Although Travis Galey knew there was a chance he could become unemployed, he was shocked when he became a victim of companywide layoffs about a month ago.
But as the 35-year-old Annapolis man searches for jobs and contemplates the future, he is also sharing his experience with other people in his city who are going through a similar situation.
"There's been times when you're sitting at home and you're not used to sitting at home," he said. "The panic sets in."
Galey and a handful of other Annapolis residents are part of a new Unemployment Support Group, organized by Ward 7 Alderman Sam Shropshire. The purpose of the group, which held the first of its biweekly meetings earlier this month, is to give unemployed residents a chance to talk about the issues and frustrations they face and to share ideas about ways to search effectively for jobs.
"I'm concerned because a number of my constituents are having unemployment issues. ... But they were afraid to come tonight," Shropshire said at the meeting, adding that about 10 other people contacted him before the meeting to say they needed help, but were ashamed to air their concerns in public. Five unemployed Annapolitans attended the first meeting.
"We need to move beyond this. I think we can make a difference here in the city," Shropshire said.
One of Shropshire's goals - and a discussion topic for the group - is to get rid of the stigma associated with being out of work, so that the unemployed can reach out for help and for available resources, as well as combat emotional problems that often stem from financial troubles.
"There's a stigma about being unemployed, even if it's no fault of your own," said Galey, a former television news producer. "It's what makes it even harder."
Galey and the other members are far from alone, as unemployment has increasingly affected workers across the state and nation. In Maryland, unemployment reached 6.9 percent in March, up from 3.8 percent at the same time last year, according to the state Department of Labor, Licensing and Regulation.
Nationwide, unemployment continues to rise, reaching 8.5 percent in March, according to the Bureau of Labor Statistics. During the past year, the rate has risen about 3.4 percentage points, with half of that increase occurring in the past four months.
During the meeting, Shropshire recalled the struggles he faced when he was out of work a couple of years ago.
"I was in the downturn of my life," he said, adding that he sent 300 resumes to no avail.
"It was an effort for me to get out of bed and get up, it was so depressing."
Alli Holstrom, director of recruitment and community outreach for Leadership Anne Arundel, a nonprofit group that provides leadership training and networking for county residents, attended the meeting to share ideas about ways to find jobs and to get feedback from community members about the issues they face in today's market.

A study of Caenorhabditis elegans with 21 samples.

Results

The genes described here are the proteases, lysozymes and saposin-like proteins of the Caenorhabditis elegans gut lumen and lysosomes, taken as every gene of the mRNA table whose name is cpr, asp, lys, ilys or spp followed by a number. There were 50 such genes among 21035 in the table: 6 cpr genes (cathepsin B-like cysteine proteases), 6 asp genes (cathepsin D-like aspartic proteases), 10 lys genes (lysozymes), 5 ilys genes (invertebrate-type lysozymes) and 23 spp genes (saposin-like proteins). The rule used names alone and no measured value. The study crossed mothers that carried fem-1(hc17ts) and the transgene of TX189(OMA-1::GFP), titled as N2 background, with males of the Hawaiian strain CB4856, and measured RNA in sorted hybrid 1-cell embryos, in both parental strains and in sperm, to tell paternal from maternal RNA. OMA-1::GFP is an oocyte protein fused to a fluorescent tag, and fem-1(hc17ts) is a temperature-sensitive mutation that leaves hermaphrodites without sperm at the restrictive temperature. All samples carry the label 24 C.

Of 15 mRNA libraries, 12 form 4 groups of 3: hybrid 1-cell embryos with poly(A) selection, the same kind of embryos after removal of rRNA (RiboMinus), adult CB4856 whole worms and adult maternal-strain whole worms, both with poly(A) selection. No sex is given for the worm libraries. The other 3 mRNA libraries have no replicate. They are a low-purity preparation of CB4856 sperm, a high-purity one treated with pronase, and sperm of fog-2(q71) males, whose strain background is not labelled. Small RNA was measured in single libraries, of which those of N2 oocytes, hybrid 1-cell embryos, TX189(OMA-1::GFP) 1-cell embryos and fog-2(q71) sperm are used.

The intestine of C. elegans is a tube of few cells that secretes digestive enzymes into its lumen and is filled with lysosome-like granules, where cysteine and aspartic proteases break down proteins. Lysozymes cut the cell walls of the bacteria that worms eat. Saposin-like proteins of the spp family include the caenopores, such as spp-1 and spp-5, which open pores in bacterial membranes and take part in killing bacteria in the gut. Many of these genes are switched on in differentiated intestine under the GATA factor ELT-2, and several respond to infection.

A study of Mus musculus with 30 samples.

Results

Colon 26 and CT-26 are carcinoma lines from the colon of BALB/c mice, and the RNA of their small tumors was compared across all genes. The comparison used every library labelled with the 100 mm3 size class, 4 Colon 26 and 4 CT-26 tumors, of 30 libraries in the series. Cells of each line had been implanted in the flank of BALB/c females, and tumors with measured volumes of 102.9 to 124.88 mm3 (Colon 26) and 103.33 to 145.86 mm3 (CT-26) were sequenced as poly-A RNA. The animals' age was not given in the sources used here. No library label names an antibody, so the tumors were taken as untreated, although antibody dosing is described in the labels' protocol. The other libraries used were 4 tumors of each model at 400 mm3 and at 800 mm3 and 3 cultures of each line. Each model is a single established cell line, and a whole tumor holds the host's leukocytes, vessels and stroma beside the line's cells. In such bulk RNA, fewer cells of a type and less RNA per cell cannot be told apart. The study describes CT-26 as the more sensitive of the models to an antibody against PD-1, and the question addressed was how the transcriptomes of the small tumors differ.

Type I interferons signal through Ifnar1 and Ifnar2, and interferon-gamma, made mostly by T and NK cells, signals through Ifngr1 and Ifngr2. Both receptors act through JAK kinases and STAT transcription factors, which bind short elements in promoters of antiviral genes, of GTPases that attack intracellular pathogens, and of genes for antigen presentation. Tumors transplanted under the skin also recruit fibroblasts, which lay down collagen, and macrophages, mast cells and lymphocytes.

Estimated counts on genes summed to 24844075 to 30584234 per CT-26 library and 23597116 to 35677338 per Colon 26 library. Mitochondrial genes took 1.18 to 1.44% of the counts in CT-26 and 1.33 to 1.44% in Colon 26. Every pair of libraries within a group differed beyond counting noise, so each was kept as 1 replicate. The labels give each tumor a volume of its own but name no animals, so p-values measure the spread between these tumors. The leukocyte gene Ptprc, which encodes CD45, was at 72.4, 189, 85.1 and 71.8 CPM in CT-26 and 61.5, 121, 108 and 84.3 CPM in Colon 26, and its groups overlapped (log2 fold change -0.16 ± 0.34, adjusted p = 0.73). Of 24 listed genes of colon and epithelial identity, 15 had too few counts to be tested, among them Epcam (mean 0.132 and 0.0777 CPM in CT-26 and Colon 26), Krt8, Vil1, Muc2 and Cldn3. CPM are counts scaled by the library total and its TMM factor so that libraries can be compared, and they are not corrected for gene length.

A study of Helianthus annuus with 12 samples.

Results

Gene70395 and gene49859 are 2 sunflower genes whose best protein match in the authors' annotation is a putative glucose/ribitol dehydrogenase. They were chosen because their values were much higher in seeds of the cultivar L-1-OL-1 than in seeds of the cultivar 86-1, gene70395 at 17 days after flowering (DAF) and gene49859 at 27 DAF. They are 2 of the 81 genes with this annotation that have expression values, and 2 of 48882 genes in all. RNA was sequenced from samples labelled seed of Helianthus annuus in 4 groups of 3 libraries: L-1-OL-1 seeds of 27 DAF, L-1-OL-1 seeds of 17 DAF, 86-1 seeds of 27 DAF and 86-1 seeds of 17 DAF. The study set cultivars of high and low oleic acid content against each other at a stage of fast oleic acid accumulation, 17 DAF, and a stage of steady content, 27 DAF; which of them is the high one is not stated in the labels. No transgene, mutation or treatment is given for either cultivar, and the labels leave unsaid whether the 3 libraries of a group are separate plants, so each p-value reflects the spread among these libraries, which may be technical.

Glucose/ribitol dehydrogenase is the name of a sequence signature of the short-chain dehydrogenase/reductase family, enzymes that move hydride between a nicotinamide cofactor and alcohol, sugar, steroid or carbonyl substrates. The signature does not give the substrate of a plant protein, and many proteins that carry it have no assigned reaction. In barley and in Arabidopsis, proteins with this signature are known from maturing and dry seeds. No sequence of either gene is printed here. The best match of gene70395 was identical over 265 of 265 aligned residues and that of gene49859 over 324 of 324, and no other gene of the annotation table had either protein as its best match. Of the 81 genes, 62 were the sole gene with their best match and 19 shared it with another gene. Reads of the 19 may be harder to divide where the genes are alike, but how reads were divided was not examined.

Holstrom also shared her unemployment story. She moved from New York to Maryland after the Sept. 11 attacks because she could not find a job in New York. She worked in the World Trade Center.
"It's hard when you're trying to balance your options, and you're dealing with that kind of false hope," Holstrom said.
One group participant, a 40-year-old unemployed saleswoman who did not want her name used in this article, said job-hunting today is different and discussed some of the challenges technology has created when it comes to looking for honest job postings.
"I have found this Internet aspect of looking for a job very difficult because companies look very legitimate over the Internet," she said.
Similarly, the group discussed concerns they have with security, now that many companies require applicants to provide Social Security numbers and driver's license numbers. And they also discussed ideas to explore at future meetings, including the possibility of a bartering system, in which unemployed individuals offer their talents in return for work from others with different abilities.
"I think we need to remember and stress to people that this is a community issue," Holstrom said of unemployment.
Despite the challenges, the group participants talked about the optimism they hold for the future and offered encouragement as they continue their job hunts.
"There's a lot of different fields I could be excited about," Galey said. "There are still jobs there. Somebody's hiring somewhere. It's just a matter of being in the right place at the right time."
Shropshire said he hopes the support group will, if nothing else, give residents a shoulder to lean on during a difficult period in their lives.
"I survived, but it was only with help of friends who listened," he said.
The group will meet at 6 p.m. May 6 in city council chambers, 160 Duke of Gloucester St.